WIPpet Wednesday: Detective Work

By Wordbuilder (Own work), via Wikimedia Commons

It’s time for another installment of my WIP.  This week, we join my other MC as she tries to figure out just what the heck is going on.  For some context, she found Phin’s phone and did some snooping, and now she’s using what she learned to do a bit of detective work.  This scene was my husband’s idea–does that say something about him that he would go digging around if he found a phone belonging to his possible nemesis?  Anyway, this is 11 sentences from the 12th scene of the story (today is 12/11).  I’d have done it the other way around, but I posted from the 11th scene last week.

If you want to play along (and I hope you do!) post a bit of your WIP (your snippet must have an association with the date) and link up here.  Be sure to read the others; there are some absolutely fantastic WIPs to enjoy.


Dani opened up one of the tabs on her browser. She had done a quick search for Donald Murdock’s name, hoping for more information besides his position with the Department of Education. She hadn’t been expecting to find much, but when she saw his name associated with a school district in the Albany area, she clicked the link.

By the time she was three sentences in, she was frowning. Murdock appeared to have been involved in the conversion of several elementary schools into charters. That wasn’t uncommon; with the new standards, many schools had failed to pass. Closing and reopening as charter schools was among the valid options. The problem was that Murdock seemed to have had a hand in at least three districts converting multiple schools to charters. Dani wasn’t sure if that was strange or not, but she decided it warranted further investigation.

It wasn’t until she clicked the link about Lorne Patterson’s company, EduText, that she made the connection. A news report from two years prior showed Patterson at the ribbon-cutting of a brand-new charter school near Buffalo.


10 thoughts on “WIPpet Wednesday: Detective Work

  1. Okay… So now I have to ask, do you live near Albany, Amy?

    As for the snippet itself, lots of fishy here. Unfortunately, it’s too realistic. Some of this sort of stuff is what inspired our homeschooling…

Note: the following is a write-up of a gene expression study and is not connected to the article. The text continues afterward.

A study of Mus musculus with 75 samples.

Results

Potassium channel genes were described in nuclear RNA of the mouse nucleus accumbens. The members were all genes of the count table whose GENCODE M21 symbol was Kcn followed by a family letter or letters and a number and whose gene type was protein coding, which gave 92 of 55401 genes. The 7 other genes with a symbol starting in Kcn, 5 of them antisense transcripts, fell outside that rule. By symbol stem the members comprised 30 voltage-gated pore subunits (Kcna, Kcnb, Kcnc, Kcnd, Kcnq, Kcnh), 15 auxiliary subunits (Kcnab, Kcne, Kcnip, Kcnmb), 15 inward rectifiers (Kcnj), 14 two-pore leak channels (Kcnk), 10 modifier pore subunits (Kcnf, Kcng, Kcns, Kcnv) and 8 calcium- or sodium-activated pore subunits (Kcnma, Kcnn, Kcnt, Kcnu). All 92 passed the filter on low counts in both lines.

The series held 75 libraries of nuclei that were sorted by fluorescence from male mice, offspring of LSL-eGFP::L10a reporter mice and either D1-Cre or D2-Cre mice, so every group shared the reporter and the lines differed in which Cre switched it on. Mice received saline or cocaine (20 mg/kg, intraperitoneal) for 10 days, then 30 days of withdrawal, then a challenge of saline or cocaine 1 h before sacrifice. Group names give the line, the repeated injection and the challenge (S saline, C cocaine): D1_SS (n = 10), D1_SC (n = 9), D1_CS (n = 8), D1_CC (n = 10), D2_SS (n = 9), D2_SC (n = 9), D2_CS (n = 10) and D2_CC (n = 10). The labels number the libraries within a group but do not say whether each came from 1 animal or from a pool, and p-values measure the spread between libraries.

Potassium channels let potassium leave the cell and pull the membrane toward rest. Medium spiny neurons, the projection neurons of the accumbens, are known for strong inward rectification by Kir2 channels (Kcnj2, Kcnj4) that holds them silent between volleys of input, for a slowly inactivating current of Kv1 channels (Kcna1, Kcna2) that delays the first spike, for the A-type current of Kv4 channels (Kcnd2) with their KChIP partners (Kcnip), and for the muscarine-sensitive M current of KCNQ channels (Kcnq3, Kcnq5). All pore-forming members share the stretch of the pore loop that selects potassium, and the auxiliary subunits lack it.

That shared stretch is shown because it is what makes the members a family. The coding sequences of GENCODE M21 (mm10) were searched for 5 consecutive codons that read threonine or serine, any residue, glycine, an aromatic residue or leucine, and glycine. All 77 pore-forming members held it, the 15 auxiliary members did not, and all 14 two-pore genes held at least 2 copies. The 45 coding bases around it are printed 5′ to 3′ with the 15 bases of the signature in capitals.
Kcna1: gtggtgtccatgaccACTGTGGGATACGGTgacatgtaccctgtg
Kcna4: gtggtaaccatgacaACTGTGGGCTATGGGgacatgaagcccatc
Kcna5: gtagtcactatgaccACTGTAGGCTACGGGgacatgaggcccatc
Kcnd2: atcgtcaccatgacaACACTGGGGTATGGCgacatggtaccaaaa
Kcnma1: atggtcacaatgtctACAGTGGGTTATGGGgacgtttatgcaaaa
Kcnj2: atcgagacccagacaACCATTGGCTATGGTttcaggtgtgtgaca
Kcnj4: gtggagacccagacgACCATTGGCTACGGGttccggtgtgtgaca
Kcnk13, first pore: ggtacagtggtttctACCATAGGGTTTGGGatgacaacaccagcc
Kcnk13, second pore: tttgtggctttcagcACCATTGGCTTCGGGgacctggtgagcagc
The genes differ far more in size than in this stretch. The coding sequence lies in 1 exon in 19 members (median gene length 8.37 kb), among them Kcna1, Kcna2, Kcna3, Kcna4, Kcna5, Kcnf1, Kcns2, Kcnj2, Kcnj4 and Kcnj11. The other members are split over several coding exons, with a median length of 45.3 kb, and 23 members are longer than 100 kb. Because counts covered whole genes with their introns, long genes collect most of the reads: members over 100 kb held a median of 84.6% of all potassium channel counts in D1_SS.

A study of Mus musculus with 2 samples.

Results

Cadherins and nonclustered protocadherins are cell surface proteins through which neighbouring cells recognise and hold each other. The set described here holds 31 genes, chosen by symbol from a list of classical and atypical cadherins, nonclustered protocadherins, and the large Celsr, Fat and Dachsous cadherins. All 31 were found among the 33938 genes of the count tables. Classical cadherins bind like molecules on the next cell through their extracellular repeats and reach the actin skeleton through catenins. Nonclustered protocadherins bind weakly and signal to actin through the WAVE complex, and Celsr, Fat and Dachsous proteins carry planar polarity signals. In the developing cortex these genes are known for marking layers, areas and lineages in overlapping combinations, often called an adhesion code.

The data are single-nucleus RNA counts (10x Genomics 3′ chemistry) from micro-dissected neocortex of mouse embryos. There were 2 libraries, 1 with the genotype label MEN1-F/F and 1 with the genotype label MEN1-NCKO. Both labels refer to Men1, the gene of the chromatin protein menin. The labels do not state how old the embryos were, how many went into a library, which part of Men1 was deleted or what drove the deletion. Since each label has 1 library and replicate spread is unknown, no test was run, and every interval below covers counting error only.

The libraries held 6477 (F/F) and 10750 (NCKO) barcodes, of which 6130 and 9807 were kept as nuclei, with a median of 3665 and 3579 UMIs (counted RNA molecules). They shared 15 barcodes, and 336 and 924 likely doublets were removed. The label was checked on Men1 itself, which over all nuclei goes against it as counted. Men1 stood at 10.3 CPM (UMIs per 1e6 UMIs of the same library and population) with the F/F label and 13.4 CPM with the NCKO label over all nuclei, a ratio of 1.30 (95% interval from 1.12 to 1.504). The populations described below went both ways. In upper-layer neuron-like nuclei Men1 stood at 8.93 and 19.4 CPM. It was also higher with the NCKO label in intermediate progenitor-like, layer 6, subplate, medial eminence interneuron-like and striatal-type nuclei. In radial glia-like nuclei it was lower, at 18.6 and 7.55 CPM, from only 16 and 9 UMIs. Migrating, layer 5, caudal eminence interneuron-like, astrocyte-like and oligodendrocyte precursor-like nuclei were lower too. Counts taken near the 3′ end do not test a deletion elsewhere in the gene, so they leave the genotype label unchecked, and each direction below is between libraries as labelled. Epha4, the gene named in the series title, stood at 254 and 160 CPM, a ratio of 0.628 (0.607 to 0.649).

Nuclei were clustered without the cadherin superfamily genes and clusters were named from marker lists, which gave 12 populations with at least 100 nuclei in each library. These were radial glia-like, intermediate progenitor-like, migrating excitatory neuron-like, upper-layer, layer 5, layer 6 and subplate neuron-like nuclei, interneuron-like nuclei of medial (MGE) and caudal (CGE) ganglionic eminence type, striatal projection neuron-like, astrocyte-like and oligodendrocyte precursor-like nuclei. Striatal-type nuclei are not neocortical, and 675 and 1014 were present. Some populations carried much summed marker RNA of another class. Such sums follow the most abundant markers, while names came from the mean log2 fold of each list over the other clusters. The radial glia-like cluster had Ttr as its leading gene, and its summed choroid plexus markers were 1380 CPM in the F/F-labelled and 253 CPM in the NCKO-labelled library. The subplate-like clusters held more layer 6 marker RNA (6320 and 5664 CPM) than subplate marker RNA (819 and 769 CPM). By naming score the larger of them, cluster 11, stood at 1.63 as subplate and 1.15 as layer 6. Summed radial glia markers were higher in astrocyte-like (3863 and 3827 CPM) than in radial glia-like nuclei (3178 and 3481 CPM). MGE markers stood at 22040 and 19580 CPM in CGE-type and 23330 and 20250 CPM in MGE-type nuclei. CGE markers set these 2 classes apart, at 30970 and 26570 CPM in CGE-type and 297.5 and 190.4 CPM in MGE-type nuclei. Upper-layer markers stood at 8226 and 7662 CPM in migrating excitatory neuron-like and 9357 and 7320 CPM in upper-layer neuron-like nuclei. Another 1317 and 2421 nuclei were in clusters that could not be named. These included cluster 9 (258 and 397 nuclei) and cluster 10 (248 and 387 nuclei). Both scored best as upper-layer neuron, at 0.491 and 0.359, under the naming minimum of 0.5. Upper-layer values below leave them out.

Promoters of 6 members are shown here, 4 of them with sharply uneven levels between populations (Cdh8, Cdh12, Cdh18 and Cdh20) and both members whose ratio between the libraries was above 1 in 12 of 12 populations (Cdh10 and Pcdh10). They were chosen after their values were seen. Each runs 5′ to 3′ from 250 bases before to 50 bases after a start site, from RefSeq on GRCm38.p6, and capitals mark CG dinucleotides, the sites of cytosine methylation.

• Sorry it took so long to respond. No, I’m not in Albany–I’m in Rochester. The same things are happening here. Our former city schools superintendent, Jean-Claude Brizard, is supposedly returning here to do a version of what I described above. The idea is to take “failing” schools and turn them into for-profit charters. It’s awful. I started reading about this stuff because my husband is a teacher, and, well, this story was born.

      We homeschool our younger one, but our older one goes to school (for many reasons this is what works best). We are lucky–he goes to what I think is the best elementary school in the district. I dread the changes that are coming.

      • I know a few people who do the ‘one in school, one at home’ method. If it works, that’s all that matters.

        We’re private schooling at the moment (we homeschooled for a while, but our son actually blooms in a group setting, and for all that the Albany area is the capital region… it’s hard to maintain a consistent homeschool group [it also doesn’t help that we’re more in the boonies than the city]). It’s not a charter–almost the complete opposite actually. Except for the expectation of ‘certified teachers’, it’s much closer to the type of education we’d been giving our son when homeschooling him.

        I get your concerns though. I wonder if more people read about these things they’d realize what a lie they’ve been falling for….

      • Yeah. What I find so disgusting isn’t so much what type of school but how/why it got that way. The issue is turning public schools into private ones in order to monetize education. Those for-profit charters run by EMOs are not really better education, but they do make money for the EMO and its investors.

    • There are certainly advantages of private education. Charter schools in and of themselves can be great (our own Commissioner of Education, John King, sends his girls to a Montessouri school). There are good and bad reasons for creating a charter. My beef is with the worst reason–to make money off it. A charter that’s just a charter is great, but one created by an Educational Management Organization is not always. EMOs are businesses, not educators, and they create profit for their investors as well as the EMOs themselves. Plus, it leaves school districts with serious problems when parents can’t pay to send their kids there (or don’t want to because the education is sub-par).